Spare a thought for the runners up

25 September 2012

Written by: Erdem Koc

I’ll put my cards on the table. I’m an Essendon supporter, so I’m stoked that Jobe Watson won the Brownlow medal. He had a brilliant year, and was a very deserving winner.

To be fair though, the same could be said about Trent Cotchin. Or Sam Mitchell. Or Gary Ablett.

Public discussions the day after the Brownlow are very similar to discussions the day after the All-Australian team is named. People generally agree that whoever came out on top was worthy, but that the player(s) who just missed out were unlucky. For a few days we remember the unlucky ones, but they’re forgotten before too long.

Let me cast your mind back a few years.

In the mid-2000s, Chris Judd and Ben Cousins were regarded as the two key figures in West Coast’s success. But I wonder whether this would be the case if Daniel Kerr had played just one more game in 2005?

Kerr missed three games, but finished one vote behind Cousins in the Brownlow. Kerr also finished third in the 2006, and runner up in 2007. If he had won a Brownlow, or two for that matter, would Daniel Kerr be thought of in the same league as Ben Cousins or Chris Judd?

A similar argument could be made about Adelaide’s Andrew McLeod. When discussing the best Adelaide player of the last 15 years, 2003 Brownlow medallist Mark Ricciuto generally gets the nod.

I’m not sure this would be so if McLeod had have won either the 2000 or 2001 Brownlow medal. He finished third in 2000 and second in 2001. McLeod surely would be considered one of the greats if he had a Brownlow to go with the two Norm Smith medals he won in Adelaide’s back-to-back grand final wins in 1997 and 1998.

And who can forget Scott West? Well, sadly, a lot of people. A friend of mine recently saw West at a pizza shop. West ordered a pizza, and ten minutes later my friend did the same. Somehow, my mate got his pizza before West got his.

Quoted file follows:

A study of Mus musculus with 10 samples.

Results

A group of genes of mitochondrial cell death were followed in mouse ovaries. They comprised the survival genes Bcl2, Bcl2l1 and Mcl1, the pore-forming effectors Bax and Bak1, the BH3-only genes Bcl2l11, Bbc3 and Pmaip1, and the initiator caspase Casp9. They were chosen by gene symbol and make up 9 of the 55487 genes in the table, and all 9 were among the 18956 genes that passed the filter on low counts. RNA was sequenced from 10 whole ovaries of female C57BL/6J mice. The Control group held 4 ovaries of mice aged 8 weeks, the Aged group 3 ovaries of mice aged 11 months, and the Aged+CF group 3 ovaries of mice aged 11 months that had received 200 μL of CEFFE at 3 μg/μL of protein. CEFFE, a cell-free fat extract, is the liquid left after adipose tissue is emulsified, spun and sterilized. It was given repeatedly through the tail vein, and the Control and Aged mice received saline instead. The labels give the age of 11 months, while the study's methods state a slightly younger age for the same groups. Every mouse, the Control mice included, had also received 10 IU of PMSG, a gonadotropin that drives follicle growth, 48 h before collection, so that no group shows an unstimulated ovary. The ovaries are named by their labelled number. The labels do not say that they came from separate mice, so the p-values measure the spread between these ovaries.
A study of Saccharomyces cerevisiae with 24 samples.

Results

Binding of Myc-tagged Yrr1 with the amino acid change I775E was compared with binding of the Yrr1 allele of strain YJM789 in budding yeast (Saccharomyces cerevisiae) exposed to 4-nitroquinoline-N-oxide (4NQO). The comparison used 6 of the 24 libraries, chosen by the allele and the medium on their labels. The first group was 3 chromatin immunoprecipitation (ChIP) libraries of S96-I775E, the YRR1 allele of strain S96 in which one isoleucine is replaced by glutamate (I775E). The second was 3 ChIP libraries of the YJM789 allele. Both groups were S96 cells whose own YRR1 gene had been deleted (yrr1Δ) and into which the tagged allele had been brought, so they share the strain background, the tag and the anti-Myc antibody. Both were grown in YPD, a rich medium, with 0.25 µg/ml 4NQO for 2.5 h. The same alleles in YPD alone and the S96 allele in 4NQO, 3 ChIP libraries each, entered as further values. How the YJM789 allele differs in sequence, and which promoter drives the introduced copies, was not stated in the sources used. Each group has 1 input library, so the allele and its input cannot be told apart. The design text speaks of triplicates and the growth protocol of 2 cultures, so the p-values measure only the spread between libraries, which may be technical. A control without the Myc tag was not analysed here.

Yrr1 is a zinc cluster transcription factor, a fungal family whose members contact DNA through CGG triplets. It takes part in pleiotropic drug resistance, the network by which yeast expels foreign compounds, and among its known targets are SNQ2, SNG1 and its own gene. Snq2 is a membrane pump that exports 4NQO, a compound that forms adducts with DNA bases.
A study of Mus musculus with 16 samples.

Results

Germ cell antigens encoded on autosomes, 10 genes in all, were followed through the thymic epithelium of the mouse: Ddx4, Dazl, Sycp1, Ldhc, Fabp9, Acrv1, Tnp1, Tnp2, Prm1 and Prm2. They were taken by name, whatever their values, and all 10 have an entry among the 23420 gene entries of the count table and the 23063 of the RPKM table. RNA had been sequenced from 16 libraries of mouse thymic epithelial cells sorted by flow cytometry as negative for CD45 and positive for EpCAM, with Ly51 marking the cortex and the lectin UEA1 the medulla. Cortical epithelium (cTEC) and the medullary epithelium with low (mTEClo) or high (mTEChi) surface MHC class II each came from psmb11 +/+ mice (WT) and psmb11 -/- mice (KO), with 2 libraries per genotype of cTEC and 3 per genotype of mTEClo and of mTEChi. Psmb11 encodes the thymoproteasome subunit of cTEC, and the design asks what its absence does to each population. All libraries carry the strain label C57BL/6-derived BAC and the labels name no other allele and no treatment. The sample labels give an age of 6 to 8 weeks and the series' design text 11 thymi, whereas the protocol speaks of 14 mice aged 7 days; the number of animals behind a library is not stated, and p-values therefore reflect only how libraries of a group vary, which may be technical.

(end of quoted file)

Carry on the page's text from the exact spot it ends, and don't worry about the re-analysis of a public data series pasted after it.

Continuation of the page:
This was a typical day in the life of Scott West.  On Brownlow nights West was always the bridesmaid, but never the bride. He was runner up on two occasions, in 2000 and in 2006. He also finished third in 1998, fourth in 2005, and fifth in 2004. These days, West rarely, if ever, features in discussions about great players of yesteryear.

These stories don’t sit right with me. After all, the tiniest things can cost a player a Brownlow. A week or two on the sidelines with an injury is often enough to ruin a player’s chances. It’s ridiculous that a player who gets suspended for a minor indiscretion is made ineligible to win the Brownlow. But it happens – just ask Chris Grant or Corey McKernan.

And what about the men who pick the votes? We criticise umpires’ decisions each week on the football field, so why do we hold their opinions in such high regard when it comes to Brownlow night? Across 198 games of football in the home and away season, they’re bound to get the votes wrong in a game or two.

And just one mistake is enough to cost a player a Brownlow medal.

So I’ve got to wonder, if the umpires had not recognised Watson’s stellar season, would he still be considered a very good, rather than a great, player? I think the answer is yes, but it shouldn’t be.

Footy lovers should make up their own minds. We shouldn’t need awards such as the Brownlow to validate our opinions on footballers. I would’ve known Watson was more consistently influential than any other player this year, even if the umpires didn’t. I also know that Gary Ablett was the most brilliant footballer of the year, even though the medal count suggests otherwise.

It’s fine to use Brownlow medals as a reference point when reflecting on a player’s career. If a player has a Brownlow, he is likely to be a great player. But we must not fall into the trap of discrediting everyone who falls a vote or two short, considering all the great players who never won Brownlow medals. Leigh Mathews, Wayne Carey, Gary Ablett Snr, Tim Watson, Ted Whitten and Ron Barassi head the list. While this is a great group of players, I’m certain that Jobe Watson awoke this morning extremely happy to be part of the other category.

I would however, like to apologise to Josh Francou, Nick Dal Santo, Mark Mercuri, and Brent Harvey and the many other players who have fallen just short of winning a Brownlow. These players all deserved to be in my piece, but there wasn’t room for them all. Oh well, they can deal with it I guess.

I imagine they’re used to being overlooked or forgotten by now.

Sam McInerney is currently completing a Graduate Diploma in Journalism at La Trobe University. You can follow him on Twitter: @SamuelMcInerney.